A Guide to Home Loan Paper Work
Putting together the paperwork needed for home loan approval is a task many prospective home buyers dread.
We see many happy faces when we tell people that as your mortgage broker we can help simplify the paperwork process because we know what lenders are looking for when it comes to assessing an application.
The paperwork that lenders require can be significant, and it is important to give them not only the correct documentation, but also the full list they require. Sending your home loan application to the lender with missing documents can result in the loan application going back and forth without result or even derail the application altogether.
Lenders assess your application by evaluating the risk involved with repaying the loan. While requirements vary from lender to lender, here is some of the key criteria commonly used to assess the risk of a client.
Lenders want to know how much you earn as well as how stable these earnings are. They are interested in whether your employment is continuous and consistent. Bank statements, payslips, group certificates or tax returns are among the documents required to give evidence of income.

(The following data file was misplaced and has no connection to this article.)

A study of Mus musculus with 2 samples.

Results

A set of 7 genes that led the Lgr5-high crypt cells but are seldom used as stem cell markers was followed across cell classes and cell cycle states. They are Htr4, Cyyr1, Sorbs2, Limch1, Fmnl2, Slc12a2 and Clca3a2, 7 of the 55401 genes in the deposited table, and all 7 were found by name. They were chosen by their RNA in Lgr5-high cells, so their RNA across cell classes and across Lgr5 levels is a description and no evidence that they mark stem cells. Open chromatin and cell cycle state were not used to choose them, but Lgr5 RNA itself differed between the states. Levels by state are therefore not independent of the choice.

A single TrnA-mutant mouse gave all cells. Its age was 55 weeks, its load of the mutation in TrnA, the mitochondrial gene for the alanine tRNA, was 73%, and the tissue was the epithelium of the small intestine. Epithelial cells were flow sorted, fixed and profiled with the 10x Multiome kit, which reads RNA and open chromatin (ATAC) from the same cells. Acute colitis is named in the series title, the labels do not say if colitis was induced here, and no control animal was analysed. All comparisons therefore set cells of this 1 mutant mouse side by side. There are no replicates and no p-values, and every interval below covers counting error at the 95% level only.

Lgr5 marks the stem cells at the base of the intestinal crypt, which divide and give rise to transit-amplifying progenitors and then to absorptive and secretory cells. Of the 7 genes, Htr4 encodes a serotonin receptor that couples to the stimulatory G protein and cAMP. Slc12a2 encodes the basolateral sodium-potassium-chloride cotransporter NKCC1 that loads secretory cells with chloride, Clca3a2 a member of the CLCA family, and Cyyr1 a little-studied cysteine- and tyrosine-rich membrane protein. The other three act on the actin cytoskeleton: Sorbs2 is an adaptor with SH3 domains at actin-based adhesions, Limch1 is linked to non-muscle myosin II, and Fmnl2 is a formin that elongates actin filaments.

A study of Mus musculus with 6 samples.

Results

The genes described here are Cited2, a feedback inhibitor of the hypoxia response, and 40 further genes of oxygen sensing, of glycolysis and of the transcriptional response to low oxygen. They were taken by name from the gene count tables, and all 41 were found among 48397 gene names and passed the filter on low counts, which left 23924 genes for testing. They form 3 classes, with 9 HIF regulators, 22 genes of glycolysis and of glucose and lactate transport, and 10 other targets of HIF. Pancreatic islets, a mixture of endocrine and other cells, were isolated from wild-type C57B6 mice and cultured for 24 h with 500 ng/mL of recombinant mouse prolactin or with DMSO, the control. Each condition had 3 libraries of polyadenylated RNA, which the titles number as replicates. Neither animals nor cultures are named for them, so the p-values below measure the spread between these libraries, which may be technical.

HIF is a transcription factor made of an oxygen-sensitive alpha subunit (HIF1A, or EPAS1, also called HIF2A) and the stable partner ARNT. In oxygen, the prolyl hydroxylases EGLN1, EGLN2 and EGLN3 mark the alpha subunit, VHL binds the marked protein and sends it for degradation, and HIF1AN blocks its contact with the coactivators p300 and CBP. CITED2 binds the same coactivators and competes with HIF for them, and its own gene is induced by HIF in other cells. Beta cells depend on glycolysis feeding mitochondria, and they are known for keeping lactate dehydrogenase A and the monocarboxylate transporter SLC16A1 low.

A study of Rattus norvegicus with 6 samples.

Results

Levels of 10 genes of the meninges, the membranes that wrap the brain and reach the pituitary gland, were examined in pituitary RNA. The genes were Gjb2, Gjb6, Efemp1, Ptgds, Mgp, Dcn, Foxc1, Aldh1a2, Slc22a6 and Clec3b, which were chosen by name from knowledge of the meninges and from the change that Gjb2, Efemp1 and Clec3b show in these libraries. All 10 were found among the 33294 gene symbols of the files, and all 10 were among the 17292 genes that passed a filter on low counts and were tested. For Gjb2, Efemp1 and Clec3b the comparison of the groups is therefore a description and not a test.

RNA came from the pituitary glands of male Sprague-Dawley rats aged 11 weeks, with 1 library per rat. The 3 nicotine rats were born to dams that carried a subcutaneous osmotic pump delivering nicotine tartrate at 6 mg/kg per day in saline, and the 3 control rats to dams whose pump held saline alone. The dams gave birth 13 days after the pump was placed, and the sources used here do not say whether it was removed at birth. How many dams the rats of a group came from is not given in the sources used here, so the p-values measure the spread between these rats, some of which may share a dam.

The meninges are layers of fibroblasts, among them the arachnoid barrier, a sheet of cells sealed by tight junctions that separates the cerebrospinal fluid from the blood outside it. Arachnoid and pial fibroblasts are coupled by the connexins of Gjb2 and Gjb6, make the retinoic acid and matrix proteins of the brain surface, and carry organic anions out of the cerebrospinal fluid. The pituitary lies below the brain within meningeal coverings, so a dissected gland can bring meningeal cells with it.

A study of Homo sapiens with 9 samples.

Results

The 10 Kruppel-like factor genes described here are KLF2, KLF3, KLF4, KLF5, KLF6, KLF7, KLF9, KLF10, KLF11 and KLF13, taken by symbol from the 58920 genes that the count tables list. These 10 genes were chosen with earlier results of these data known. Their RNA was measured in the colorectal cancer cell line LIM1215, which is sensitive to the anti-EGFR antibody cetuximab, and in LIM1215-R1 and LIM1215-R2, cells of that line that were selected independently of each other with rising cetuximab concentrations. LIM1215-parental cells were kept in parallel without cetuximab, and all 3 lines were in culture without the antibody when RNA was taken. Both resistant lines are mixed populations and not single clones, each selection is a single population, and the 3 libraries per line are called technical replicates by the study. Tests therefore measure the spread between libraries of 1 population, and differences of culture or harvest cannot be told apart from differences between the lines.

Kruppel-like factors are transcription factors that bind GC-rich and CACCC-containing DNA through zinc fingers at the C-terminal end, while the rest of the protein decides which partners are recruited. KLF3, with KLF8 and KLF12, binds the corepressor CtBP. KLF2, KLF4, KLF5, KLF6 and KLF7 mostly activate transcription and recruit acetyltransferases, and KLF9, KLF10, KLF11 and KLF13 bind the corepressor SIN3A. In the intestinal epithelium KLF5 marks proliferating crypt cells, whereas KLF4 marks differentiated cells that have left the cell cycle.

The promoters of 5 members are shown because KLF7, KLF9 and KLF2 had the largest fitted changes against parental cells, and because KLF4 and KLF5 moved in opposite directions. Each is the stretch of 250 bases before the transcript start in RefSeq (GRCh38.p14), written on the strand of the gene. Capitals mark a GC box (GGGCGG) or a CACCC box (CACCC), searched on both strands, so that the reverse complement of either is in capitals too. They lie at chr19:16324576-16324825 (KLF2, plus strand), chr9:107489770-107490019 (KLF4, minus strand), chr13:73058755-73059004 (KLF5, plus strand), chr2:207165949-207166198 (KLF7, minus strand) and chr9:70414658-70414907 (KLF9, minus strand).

2. Assets and liabilities
To determine your financial situation, lenders want to see proof of your assets and liabilities, including savings, shareholdings and motor vehicles. Lenders often differ in their requirements, but as your mortgage broker we can advise you of the specific paperwork required. Some lenders, for example, ask for documentation relating to insurances and personal cover to see whether your assets are protected.
Lenders will look at copies of credit card and personal loan statements to see that you've been able to make any previous credit repayments and bill payments on time.
Keep in mind that it's not just your credit card, home loan or personal loan repayments they'll look at, but also any mobile phone and utility bills.
Credit file monitoring organisations supply lenders with a credit report detailing your credit history, and this will be used to work out how much of a risk you are and assign you a credit rating.
It's not just the dollar figure that lenders look at, but also whether you are capable of saving over the long term. A bank account statement showing regular deposits is an example of documentation required. Applications can be rejected if a savings history is deemed not to be genuine, for example savings which were a gift.